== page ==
Maggie McCann Pike


On May 9, 2015, at approximately 11:00 a.m., my left ear went completely silent. It was as quick as that. Sudden sensorineural hearing loss. Idiopathic, meaning there’s no explanation.

But I didn’t know at the time that I was deaf. I’d been shredding papers for about a half-hour, and when I stopped, my left ear felt plugged up, like it does on an airplane, begging for a series of hippopotamus yawns to release the pressure. It didn’t work, but I didn’t know I was deaf until the next day when I held the phone to my left ear, and I thought the phone was dead.

No sound whatsoever.

The paramedics who picked me up off the floor that Saturday—I couldn’t even sit up for all the spinning from a violent episode of vertigo—and who carried me on a stretcher and shuttled me to the ER, told me I had an inner ear disorder. The doctor concurred.

My hearing test three days later showed profound deafness on the left side, beyond the help of hearing aids. The audiologist’s look was grim. If there’s a tumor, I will never get my hearing back, he said, as he signed me up for an MRI. If the MRI is negative, then I have a 25% chance of regaining my hearing, 25% of permanent deafness, and 50% of partial hearing. “I’m sorry to sounds so negative,” he said. “But this is serious.”

Several factors are working against me, he further explained. My age: I am, shall we say, in the strands-of-silver age group. Speed of onset: immediate. Severe vertigo: we don’t have as successful a recovery rate.

I’m completely shocked.

You see, there are two things you need to understand about me. First, I don’t do sick. But if I’m stricken by some stubborn virus that refuses to honor my boundaries, I choose the quickest path to wholeness, basically ignoring the slimeball. I simply don’t give power to ill health.

And second, I take care of myself. Yet I, who never abused my ears, never went to rock concerts, never wore headphones while thunderous music blasted, never even blow-dried my hair much, never worked with piercing chainsaws or earsplitting machines for my career, I, of all people, lost my hearing. Obviously, justice is ignoring my clearly stated desire for good health.

Here’s the reality: What I feel on a daily basis is fullness in my left ear, a gently humming fan sound that increases throughout the day to a roaring white noise, and a desperate need to lie down several times a day to quiet the phantom noises and get my energy back—the plugged feeling and constant whirring wear me down over time.

But what you’ll see on a daily basis is someone who refuses to be a victim. I have a 25% chance of getting my hearing back completely, and I’m going for that. So I behave as if I’m a perfectly healthy, fully functioning person. You‘ll see me jetting here and there to visit those I love. Dancing with Twitch on the Ellen Show. Helping my little students who have dyslexia know success. Saying, “Thank you, you too,” to the drive-through bank teller, hoping she just wished me a good day and not something like, “You forgot to wipe your boogers.” And you’ll see me savoring family, visiting and entertaining friends, strolling, hiking, swimming, doing yoga, writing, creating.


What I will not do is add worry to this physical challenge. Nor will I drown in regret that darn, I shouldn’t have shredded those documents, that a single moment in time changed everything. I’ll not pierce the silence with complaining, adding negativity to all that is positive in my life.

And I won’t give up. A 25% chance of getting my hearing back—those are good odds. 25% of never getting it back—the chances are slim.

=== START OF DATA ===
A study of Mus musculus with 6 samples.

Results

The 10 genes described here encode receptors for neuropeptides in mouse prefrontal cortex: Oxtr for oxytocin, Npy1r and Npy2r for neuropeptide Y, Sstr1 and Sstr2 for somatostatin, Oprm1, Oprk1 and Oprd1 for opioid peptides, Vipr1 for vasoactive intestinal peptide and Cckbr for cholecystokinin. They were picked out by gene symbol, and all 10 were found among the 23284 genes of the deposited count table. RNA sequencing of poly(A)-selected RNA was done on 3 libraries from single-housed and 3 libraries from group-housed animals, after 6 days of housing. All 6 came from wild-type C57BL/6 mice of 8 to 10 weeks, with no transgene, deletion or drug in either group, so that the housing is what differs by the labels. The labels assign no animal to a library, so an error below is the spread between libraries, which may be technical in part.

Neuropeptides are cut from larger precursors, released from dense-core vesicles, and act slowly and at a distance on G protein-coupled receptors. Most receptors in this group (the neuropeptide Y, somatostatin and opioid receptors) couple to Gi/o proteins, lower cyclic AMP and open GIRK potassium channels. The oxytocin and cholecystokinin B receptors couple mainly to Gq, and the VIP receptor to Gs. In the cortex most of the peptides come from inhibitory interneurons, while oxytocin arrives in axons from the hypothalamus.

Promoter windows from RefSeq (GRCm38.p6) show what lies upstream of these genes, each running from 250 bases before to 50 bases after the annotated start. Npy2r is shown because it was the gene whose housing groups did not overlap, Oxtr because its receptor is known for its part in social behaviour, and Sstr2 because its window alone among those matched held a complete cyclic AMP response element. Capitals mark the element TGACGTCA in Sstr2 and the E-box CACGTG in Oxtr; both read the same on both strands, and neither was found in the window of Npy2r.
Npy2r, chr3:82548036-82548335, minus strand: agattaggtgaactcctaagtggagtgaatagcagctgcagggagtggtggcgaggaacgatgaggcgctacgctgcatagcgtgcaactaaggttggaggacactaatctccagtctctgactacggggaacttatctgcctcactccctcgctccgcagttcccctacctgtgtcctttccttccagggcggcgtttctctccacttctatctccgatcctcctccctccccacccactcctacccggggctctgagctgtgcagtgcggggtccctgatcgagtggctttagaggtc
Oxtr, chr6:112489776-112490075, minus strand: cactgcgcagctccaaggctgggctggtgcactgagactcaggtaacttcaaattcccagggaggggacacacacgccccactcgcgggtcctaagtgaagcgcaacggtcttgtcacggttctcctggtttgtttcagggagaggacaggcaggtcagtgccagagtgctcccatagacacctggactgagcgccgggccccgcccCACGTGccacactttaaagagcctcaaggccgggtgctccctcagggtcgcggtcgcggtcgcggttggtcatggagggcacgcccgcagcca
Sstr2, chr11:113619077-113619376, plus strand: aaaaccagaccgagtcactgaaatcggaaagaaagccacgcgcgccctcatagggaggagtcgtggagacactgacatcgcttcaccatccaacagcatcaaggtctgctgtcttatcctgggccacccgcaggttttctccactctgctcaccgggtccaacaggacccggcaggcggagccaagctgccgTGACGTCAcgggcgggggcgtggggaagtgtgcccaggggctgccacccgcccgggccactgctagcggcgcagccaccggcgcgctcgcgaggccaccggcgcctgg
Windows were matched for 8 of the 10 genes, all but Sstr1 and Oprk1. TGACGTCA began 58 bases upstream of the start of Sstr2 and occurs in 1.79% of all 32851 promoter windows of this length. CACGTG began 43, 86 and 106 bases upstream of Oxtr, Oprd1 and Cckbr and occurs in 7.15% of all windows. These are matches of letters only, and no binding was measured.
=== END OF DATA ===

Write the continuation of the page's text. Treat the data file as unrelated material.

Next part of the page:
What I will do is focus on all that’s good. I have faith in the power of the body to heal, and I’ve surrounded myself with good doctors and other healers of differing paradigms to facilitate that process. I have faith in my God, who promises, not to spare me from the human condition, but to be with me through it all, and who desires that I have life and have it to the fullest.

I don’t expect to have a tumor, and I intend to get my hearing back. But if, even with all this support, I am to follow a silent journey, one with diminished or absent hearing, I’m at peace.

So you’ll see my trademark smile. If I’m going to be a half-deaf person with a noisy head, then by cracky, I’m going to be a happy half-deaf person with a noisy head.

I love life, my life, sudden hearing loss and all. Given that our journey simply does hold challenges, if I were to throw every possible woe into a pond and fish one out for myself, I might just choose this one. It could be so much worse.

My favorite mystic, Julian of Norwich, recorded this revelation: “All shall be well, and all shall be well, and all manner of thing shall be well.” As I like to tell my children: We know the end of the story. And if it doesn’t seem like all is well right now, then it isn’t the end of the story–yet. My personal history confirms that truth. Where there is death, there is always resurrection.

Yes, all shall be well. Just watch.

copyright 2015 Maggie McCann Pike


I’m an author in Denver, Colorado, where I write from my office, which looks out onto the Rocky Mountains and the breathtaking sunrises and sunsets that splash their colors across unsuspecting skies. My first three books sprang from my experience as mom of five, retreat director, and educator. Now retired from full-time work outside the home, I have the luxury of tapping into different chambers within myself. In addition to memoirs, I now write various forms of creative nonfiction.


    Read Casey at at first, so again you rock cousin. This is just what I need right now. My faith is pretty much hi on. I am happy and look to the positive with gratitude. Come what may and love it. I too am having difficulty with a 25 percent early onset dementia diagnosis.. Big blow ! So my father in heaven knows me and will stand with me and even carry me if necessary. So all is good.